Pakistan has finalised LNG import formalities with Qatar that would enable it to receive 3.5 million tons of the gas annually. President Asif Ali Zardari, who met Qatari Prime Minister Sheikh Hammad bin Jassim bin Jabbar Al-Thani at Doha on Thursday, however, expressed the desire that Pakistan wanted to get as much as 77 million tons of LNG annually to be utilised in power stations to produce 2,500MW of electricity. The arrangement is, indeed, greatly welcome though one only wishes that it had been struck much earlier to spare the country the crippling power crisis. With this big chunk of power available on the grid, the fate that Pakistan’s economy has suffered and hardship that the people have been through – the problem continues to exist – could have been largely avoided. Nevertheless, better late than never! But we must not lose sight of the fact that even this deal would not be sufficient to fully tide over the shortage as it exists at present and by the time the gas becomes available, the shortage would have further gone up. That inevitably points to the urgency to obtain the natural gas from Iran as well, about which a lot of preparatory work, including the laying of the pipeline on the Iranian side of the boarder, has already been completed. Besides, as an energy resource deficient country, we should also be ready to get the Turkmenistan gas as soon as the security situation in Afghanistan gets normalised.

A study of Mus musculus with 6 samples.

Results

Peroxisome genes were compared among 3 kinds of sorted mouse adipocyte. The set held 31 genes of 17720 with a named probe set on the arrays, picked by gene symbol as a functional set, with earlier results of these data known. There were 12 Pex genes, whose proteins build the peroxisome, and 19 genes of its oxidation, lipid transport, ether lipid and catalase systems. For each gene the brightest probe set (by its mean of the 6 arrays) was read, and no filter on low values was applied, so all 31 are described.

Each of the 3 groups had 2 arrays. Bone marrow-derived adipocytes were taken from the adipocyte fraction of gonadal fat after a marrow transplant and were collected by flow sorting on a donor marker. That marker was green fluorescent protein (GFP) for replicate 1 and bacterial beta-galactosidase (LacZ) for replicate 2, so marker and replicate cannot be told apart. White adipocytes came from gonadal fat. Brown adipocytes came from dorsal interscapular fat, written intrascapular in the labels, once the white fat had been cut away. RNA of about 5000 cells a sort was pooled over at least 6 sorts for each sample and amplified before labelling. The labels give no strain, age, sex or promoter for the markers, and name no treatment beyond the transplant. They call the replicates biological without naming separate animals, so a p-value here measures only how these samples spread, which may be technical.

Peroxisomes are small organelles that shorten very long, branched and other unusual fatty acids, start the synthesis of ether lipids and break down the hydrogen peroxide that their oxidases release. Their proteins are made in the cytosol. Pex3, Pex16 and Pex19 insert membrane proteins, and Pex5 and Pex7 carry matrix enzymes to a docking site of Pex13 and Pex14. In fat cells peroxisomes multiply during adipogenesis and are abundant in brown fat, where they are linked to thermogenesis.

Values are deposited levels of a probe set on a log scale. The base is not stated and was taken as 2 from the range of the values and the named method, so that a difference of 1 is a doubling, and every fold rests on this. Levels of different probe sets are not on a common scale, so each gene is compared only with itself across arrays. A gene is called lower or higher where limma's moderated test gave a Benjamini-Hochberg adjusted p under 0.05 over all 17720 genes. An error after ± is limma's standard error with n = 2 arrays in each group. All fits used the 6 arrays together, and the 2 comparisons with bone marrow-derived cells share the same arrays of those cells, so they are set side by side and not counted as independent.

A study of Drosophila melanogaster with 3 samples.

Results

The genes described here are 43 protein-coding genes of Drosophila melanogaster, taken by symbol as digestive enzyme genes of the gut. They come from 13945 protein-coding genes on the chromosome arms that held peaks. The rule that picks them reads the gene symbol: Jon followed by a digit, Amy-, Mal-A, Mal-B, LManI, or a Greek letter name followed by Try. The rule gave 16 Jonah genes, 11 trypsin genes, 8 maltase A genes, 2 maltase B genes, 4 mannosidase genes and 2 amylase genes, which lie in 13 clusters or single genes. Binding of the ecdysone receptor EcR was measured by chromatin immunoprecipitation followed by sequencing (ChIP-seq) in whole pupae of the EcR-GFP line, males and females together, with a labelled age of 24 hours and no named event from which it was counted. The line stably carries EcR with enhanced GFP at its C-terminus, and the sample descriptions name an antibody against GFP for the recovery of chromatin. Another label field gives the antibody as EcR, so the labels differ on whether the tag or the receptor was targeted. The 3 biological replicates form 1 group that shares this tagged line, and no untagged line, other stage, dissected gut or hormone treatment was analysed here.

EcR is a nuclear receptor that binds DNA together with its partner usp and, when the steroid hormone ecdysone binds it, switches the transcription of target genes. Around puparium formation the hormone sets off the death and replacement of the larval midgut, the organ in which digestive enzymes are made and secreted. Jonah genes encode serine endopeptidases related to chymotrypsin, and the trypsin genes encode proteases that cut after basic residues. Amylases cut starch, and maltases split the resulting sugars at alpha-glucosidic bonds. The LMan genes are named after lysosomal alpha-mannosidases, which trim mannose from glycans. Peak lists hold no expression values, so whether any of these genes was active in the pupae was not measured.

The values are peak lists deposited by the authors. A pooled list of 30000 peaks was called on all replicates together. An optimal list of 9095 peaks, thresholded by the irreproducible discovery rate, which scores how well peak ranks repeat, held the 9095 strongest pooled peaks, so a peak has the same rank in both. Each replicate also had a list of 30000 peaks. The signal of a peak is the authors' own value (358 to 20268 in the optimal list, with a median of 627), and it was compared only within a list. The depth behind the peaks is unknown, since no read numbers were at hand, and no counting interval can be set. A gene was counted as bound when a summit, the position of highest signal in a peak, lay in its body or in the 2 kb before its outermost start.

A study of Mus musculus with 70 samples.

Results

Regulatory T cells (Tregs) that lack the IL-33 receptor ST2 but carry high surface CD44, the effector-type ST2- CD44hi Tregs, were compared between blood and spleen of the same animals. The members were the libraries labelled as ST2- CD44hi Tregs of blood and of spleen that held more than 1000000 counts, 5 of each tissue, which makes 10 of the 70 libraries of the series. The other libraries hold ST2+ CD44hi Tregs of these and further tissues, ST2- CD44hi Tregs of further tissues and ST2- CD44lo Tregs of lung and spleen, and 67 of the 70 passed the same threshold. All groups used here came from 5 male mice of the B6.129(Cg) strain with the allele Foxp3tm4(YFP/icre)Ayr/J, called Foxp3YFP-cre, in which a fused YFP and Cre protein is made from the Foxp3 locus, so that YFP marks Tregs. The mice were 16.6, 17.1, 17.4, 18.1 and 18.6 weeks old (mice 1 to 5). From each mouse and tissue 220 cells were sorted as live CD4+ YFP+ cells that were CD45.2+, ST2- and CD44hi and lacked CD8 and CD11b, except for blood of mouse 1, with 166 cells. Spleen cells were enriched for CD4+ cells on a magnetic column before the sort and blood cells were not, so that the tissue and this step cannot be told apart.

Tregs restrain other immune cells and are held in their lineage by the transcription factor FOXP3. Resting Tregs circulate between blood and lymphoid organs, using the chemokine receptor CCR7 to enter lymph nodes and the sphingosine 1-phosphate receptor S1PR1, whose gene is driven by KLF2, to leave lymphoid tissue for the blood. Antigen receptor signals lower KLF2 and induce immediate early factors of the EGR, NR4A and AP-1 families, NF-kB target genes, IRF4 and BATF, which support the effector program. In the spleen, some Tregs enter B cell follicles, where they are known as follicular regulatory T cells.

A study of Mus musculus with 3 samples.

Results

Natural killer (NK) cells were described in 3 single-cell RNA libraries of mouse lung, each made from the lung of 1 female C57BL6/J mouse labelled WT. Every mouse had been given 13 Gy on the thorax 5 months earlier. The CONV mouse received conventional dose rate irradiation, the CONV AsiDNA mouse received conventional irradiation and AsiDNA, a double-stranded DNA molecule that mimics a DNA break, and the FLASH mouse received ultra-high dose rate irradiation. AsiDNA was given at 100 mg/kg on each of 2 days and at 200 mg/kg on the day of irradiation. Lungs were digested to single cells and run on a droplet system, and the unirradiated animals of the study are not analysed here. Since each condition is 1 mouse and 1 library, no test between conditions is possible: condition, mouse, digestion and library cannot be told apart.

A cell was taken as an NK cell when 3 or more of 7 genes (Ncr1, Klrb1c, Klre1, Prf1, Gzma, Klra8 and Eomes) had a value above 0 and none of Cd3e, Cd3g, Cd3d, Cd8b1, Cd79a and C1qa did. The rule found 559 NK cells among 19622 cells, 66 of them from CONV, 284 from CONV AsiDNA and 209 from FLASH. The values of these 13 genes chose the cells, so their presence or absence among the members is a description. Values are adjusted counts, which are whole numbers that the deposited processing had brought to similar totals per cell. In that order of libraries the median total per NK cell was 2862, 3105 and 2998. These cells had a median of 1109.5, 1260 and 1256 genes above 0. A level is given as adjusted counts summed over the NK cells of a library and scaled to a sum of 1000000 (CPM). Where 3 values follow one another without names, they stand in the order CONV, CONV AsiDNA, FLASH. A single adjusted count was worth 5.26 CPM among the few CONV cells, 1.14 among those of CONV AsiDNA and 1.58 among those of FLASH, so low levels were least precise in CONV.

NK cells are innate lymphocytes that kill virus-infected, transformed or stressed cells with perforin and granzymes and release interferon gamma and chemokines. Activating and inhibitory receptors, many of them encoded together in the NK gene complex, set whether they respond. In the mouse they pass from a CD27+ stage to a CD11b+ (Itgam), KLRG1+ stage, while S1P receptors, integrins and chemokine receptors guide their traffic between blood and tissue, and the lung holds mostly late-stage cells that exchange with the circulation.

The President also asked the Qatari Prime Minister to lend his country’s cooperation to Pakistan in the various fields, mostly relating to the energy sector; for instance, ‘the joint development of hydropower, rehabilitation of existing hydropower plants, identification of sources of financing and exploration of investment opportunities in the energy sector and opening branches of Qatari banks in Pakistan’. Mr Zardari also drew his attention to Pakistan’s petroleum exploration and development policy 2012 and invited Qatari investment in this highly important enterprise to the mutual benefit of the investors and Pakistan. He broached the issue of providing more job opportunities to Pakistanis, raising their present number from 90,000 to two million.

Earlier, Mr Zardari held a meeting with Emir of Qatar Sheikh Hammad bin Khalifa Al-Thani and urged him to support Pakistan’s request for holding the third round of negotiations on the Pak-Gulf Cooperation Council Free Trade Agreement. He apprised the Emir of our efforts to bring the situation in Afghanistan to a peaceful end, wished the turmoil in Syria was soon ever and spelled out our position on the Palestine issue.

Should such cooperation materialise, it would not only firm up the bonds of brotherhood already existing between the two Muslim countries, but would also be of great benefit to the people at large.